Americans look to their local TV weather forecasters for facts on global warming, but the information they get is often at odds with the consensus among climatologists. Meteorologists are largely skeptical, while climate scientists almost universally agree that the Earth is warming and humans are a primary cause — and it all comes down to how each group thinks about weather.


The New York Times reports that a recent national survey of TV meteorologists that found that only about half of the 571 forecasters surveyed believe global warming is happening, and roughly one-third think human activity is partly to blame.


This doubt boils down to differences in scientific methodology, with TV meteorologists skeptical of the complex models used by climatologists to predict trends far into the future.


“In a sense the question is who owns the atmosphere: the people who predict it every day or the people who predict it for the next 50 years?” says science writer Bob Henson of the University Corporation for Atmospheric Research.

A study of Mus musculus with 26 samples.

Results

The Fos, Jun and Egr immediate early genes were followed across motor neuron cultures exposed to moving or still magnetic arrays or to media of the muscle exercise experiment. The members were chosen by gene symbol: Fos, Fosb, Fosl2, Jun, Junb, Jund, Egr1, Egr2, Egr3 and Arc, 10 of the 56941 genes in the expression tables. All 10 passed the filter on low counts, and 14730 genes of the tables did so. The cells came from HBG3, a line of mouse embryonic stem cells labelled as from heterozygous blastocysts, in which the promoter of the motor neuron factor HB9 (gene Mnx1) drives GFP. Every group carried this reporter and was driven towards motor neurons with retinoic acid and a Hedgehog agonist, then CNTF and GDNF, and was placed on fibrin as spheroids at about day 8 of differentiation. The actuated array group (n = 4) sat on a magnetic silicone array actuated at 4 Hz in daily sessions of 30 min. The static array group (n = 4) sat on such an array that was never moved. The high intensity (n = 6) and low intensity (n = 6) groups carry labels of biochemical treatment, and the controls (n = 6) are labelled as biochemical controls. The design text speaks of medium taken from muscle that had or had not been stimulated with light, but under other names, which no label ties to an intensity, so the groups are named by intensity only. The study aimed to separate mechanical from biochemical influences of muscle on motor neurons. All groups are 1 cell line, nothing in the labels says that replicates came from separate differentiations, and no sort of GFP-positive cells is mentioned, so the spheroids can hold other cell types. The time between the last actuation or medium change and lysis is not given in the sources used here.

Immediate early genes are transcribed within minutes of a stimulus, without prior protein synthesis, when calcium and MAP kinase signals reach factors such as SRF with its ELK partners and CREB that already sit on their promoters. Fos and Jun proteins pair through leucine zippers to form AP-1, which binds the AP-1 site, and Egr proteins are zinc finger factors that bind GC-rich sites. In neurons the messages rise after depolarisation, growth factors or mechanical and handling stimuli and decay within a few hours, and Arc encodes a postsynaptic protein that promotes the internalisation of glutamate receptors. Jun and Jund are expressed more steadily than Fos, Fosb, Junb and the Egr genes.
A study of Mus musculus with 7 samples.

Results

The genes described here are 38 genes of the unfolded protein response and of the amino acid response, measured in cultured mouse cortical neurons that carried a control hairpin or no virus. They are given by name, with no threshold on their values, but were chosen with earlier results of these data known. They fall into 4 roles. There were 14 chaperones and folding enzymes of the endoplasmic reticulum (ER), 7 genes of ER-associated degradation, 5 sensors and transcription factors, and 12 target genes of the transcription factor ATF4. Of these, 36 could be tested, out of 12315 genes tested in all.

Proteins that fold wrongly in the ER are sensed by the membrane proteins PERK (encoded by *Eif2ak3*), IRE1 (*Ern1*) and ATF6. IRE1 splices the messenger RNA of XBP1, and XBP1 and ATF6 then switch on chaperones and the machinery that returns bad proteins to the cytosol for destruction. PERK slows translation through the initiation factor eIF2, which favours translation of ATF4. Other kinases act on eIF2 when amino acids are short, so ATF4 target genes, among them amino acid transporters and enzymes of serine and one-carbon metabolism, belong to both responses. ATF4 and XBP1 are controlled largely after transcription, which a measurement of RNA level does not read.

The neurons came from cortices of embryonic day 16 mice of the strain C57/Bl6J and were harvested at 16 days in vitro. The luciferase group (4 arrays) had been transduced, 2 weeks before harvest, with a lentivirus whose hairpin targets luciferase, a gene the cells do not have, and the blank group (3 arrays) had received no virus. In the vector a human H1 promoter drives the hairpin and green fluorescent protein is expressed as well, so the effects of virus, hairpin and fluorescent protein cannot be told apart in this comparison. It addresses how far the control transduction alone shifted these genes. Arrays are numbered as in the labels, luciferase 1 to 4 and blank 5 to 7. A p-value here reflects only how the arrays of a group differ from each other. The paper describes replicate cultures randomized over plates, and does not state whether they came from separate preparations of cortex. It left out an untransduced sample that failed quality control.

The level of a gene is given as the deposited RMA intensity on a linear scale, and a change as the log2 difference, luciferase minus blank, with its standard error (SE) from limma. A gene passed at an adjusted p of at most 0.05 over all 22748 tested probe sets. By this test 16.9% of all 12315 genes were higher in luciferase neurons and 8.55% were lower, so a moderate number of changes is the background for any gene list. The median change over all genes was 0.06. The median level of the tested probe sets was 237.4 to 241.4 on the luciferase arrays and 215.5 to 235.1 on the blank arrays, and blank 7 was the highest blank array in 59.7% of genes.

Henson notes that a perceived elitist-versus-populist divide may also play a role, since only about half of TV weather forecasters have a bachelor’s degree in meteorology, while climatologists often have doctoral degrees and are associated with universities or research institutions.


“There are meteorologists who feel, 'Just because I have a bachelor’s degree doesn’t mean I don’t know what’s going on,’” Henson told the NY Times.


But this weather-versus-climate divide among scientists could ultimately have an effect on the beliefs of everyday Americans. A survey by George Mason University's Center for Climate Change Communication found that the public trusts the opinion of the local TV weatherman, and that those forecasters are often the only scientific authority in a local newsroom.


By default, science stories end up being the domain of forecasters, who may project their own views on climate change when discussing warming-related topics.


"Climate scientists may need to make their case directly to America's weathercasters, because these two groups appear to have a very different understanding about the scientific consensus on climate change, Edward Maibach, director of the Center for Climate Change Communication, told e! Science News.